A Year Tracking Moose in Jasper National Park

When Hugo Kitching finally found the stars of featured in Moose: A Year in the Life of a Twig Eater, he could hardly believe it. That’s because it took the Canadian director of photography and the crew such a long time to locate them.

Hugo KitchlingHugo Kitching

Kitching searched for weeks for a mother moose and her newly-born calf as the subjects in the stunning nature documentary Moose: A Year in the Life of a Twig Eater. He went on to spend the next 13 months with the moose in Alberta’s Jasper National Park to intimately capture the story of a moose calf’s first year of life.

“It was honestly a moment of huge relief,” Kitching said, describing that serendipitous moment when he found what he and his team called the “big calf.” In the film, you can hear him gush as he watched the moose from afar, “I can’t believe I found her.”

Part of the reason could be because moose populations across many parts of North America are in steep decline and scientists believe one big factor is that fewer moose calves are surviving their first year — less than 50 per cent. When filmmaker Susan Fleming conceived of the project (listen to an interview), she wanted to tell the story in a very personal way by sending a cameraman into the field for the entire year to open viewers’ eyes to just how tough it is for a moose calf to survive in the brutal landscape of the Canadian Rockies, from the struggle to find food in harsh winters, to eluding hungry wolves in deep snow. Kitching, who worked with her previously on Meet the Coywolf, was the perfect guy for the job, "He took on the challenge with great enthusiasm and dedication. He has really lived a year in the life of a twig eater."

“It was truly a magical experience. When a moose is fully-grown, it’s one of the largest mammals in North America, so to see a moose when it’s so small and vulnerable, and then watch it mature, is really amazing.”

Kitching witnessed those challenges first hand, and also experienced some of his own out on location. He said keeping track of where the moose were at any given time was a constant challenge and sometimes he would go stretches of weeks when finding them was impossible.

“When these animals don’t want to be found, good luck finding them,” he said. “But as they grew accustomed to my presence, I found I could return the next morning to where I’d seen them last and from there, I could either track them using the moss or the snow, and find them again.”

It definitely wasn’t a typical workplace setting for Kitching. He was sleep-deprived for the year he was shooting and it wasn’t unusual to work 18-hour days during the summer months. He said he found himself “eating bacon like candy” to survive in the winter — anything with a high fat content as he burned so many calories each day from snowshoeing with his bulky camera gear on his back. Then there was that time his car got stuck in the snow and all the other times batteries would die at inopportune moments.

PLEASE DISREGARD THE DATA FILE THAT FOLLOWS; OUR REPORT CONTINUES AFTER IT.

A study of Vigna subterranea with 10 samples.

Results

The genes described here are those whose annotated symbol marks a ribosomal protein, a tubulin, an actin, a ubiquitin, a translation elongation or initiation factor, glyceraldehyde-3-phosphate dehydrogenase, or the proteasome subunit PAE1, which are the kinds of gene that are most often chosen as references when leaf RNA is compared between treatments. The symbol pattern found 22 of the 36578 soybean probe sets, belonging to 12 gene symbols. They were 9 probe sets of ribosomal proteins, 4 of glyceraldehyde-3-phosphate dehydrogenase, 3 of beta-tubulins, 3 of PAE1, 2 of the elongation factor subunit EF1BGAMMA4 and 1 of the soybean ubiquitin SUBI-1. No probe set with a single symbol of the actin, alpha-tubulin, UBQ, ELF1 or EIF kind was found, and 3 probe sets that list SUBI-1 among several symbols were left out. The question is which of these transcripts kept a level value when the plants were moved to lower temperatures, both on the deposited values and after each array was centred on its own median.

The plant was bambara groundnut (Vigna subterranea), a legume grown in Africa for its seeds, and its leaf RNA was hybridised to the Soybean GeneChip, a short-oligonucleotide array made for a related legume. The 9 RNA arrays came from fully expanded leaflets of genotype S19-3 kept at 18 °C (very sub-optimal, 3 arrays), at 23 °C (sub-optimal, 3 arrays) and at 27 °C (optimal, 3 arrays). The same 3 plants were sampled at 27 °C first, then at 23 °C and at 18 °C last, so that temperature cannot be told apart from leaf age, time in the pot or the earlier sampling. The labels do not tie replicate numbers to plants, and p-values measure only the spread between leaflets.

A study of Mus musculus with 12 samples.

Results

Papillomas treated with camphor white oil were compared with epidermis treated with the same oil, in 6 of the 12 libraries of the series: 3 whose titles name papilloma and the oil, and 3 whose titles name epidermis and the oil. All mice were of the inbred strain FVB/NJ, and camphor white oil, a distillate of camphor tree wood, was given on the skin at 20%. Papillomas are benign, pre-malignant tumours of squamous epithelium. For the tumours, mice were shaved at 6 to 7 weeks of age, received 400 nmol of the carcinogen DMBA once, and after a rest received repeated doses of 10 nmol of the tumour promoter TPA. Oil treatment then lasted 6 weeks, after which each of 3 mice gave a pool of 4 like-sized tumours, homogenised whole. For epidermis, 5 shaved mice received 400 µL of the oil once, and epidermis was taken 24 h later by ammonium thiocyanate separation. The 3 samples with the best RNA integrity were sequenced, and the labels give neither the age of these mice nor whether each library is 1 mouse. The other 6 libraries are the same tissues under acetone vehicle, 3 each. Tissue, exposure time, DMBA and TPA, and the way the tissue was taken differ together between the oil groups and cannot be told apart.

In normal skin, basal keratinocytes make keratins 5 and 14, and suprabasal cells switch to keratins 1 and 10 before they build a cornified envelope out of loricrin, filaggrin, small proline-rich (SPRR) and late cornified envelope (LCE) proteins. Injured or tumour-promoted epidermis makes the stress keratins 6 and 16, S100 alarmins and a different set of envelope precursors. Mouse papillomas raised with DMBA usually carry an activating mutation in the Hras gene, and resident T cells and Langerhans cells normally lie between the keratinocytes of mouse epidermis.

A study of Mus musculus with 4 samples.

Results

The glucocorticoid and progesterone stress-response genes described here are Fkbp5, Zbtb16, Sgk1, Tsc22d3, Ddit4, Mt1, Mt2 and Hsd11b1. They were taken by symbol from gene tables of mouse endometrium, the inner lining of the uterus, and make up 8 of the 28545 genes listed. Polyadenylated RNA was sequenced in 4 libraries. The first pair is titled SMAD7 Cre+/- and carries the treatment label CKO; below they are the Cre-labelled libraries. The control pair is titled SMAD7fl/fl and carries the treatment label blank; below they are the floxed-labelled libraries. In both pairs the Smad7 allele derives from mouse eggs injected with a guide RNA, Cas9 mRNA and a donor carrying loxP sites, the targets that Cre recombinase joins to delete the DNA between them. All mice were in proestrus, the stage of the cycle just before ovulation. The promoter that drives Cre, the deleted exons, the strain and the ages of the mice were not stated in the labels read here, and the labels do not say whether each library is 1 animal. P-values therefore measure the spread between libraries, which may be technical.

“Like any job, it’s not a question of whether something will go wrong, but when.”

As for any dangerously close encounters with other animals, Kitching did have one story to tell.

“I did have one bull moose bluff charge me in the gut, but that was my fault, as my tripod had snapped a large branch. There was a second bull in the area, he may have mistaken me for it, I’m not sure,” he said.

“It was terrifying, but I got behind a tree and stood motionless and it backed off. I filmed that bull for weeks before and after throughout the year, and never had any other issue with him.”

Hugo in snowHugo hauls his gear through the winter snow.

Kitching has an intimate knowledge of Canadian wildlife and his years of experience working in Ontario's Algonquin Park as a field naturalist has allowed him to become very comfortable working out in the bush on his own. But there’s something remarkable about filming a young moose calf as it grows and learns how to live in its environment.

“It was truly a magical experience,” he said. “When a moose is fully-grown, it’s one of the largest mammals in North America, so to see a moose when it’s so small and vulnerable, and then watch it mature, is really amazing.”

Kitching said spending 13 months in the wilderness reinforced his love of working in nature every day, and it also gave him an understanding of why there’s such a mystique and fascination around moose.

“They have truly evolved to thrive in the Canadian wilderness. It’s quite something to see a 1,000-pound animal diving deep into lakes for food or plowing through a metre of snow.”

“Moose are amazingly beautiful and have a kind of quiet majesty to them. You would think that such a large animal would make a lot of noise moving through its environment, but it never ceased to amaze me just how quiet they were,” he said.

“They have truly evolved to thrive in the Canadian wilderness. It’s quite something to see a 1,000-pound animal diving deep into lakes for food or plowing through a metre of snow.”

Watch Moose: A Year in the Life of a Twig Eater online now.